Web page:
Not having Jonathan Toews in training camp is a difficult change for the Blackhawks


The Blackhawks started training camp at Fifth Third Arena in Chicago on January 4th.

CHICAGO – When Stan Bowman sent a letter to fans on the team’s social media channels talking about the franchise’s desire to field a younger team, changes were inevitable, with a number of new players making their way into the organization.

That figured to produce a training camp where some familiar names wouldn’t be there, like goaltender Corey Crawford. Yet the core players from the start of the dynasty era in the late 2000s figured to remain as the core of a new era of Blackhawks’ hockey.

Yet there’s one player who is not on the ice at the moment for the team that is literally at the center of the organization: Captain Jonathan Toews. An undisclosed illness has kept him out for the start of training camp and the foreseeable future, since there is not a timetable for a return.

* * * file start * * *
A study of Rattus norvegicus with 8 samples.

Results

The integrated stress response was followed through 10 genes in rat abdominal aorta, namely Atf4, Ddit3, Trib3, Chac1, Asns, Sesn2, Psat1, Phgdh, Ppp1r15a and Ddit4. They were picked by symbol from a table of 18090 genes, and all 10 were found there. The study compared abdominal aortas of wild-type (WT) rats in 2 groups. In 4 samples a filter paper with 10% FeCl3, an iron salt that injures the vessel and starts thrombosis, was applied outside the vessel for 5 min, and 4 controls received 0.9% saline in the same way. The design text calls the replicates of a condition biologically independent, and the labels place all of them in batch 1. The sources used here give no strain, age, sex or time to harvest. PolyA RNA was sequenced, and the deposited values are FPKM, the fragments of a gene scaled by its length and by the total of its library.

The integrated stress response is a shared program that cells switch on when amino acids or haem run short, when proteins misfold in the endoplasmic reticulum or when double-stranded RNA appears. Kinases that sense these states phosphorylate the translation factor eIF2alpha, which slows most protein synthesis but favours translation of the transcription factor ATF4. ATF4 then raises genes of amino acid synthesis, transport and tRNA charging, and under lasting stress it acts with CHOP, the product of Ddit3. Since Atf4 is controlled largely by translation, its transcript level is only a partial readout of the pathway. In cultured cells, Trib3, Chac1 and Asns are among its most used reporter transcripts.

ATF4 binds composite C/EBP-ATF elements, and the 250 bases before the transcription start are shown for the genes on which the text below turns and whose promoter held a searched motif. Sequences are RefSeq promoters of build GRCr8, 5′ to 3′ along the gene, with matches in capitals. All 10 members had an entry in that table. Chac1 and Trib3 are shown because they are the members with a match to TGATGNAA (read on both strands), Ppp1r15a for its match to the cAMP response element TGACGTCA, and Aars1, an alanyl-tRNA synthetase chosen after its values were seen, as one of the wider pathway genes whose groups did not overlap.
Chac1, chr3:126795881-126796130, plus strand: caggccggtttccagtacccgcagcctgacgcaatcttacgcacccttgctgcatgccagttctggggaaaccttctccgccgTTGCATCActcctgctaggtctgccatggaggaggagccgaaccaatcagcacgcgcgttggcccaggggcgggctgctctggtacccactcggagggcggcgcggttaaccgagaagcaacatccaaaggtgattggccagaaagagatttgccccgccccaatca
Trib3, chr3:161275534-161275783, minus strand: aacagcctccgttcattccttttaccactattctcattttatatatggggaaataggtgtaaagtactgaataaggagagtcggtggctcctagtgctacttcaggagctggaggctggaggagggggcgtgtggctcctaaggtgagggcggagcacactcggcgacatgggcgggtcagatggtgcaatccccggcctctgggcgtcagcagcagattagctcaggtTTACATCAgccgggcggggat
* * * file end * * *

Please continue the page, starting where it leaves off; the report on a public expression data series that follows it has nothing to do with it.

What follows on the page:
That’s something that’s rarely happened for the franchise since Toews made his debut with the team in the 2007-2008 season. He’s been incredibly consistent, appearing in at least 70 games in ten of his 12 full regular seasons (Toews played in 47 in the lockout-shortened 2012-2013 season), and was the foundation for three Stanley Cup titles.

Patrick Kane has been with the Blackhawks with Toews every step of the way since 2007, making this training camp as unusual as any. So not having the captain there is especially difficult for the forward as he starts his 14th season with the team.

“He’s obviously in the back of our minds and we’re thinking about him,” said Kane of Toews. “It doesn’t really feel like a team without Johnny as a captain. We definitely miss him, but he has to take care of his first.”

As he does, head coach Jeremy Colliton said that he along with general manager/president of hockey operations Stan Bowman remain in contact with Toews as he deals with the illness. He’s still the captain of the team in his absence and the team isn’t thinking about a date for his return.

For Colliton, health is a priority.

“We’re supporting him however we can. That’s the No. 1 priority,” said Colliton. “As far as when he’s coming back and all those things, it doesn’t really matter. We’re gonna be of assistance as much as we can. He knows that we’re supporting him.

“When he comes back is not the top priority.”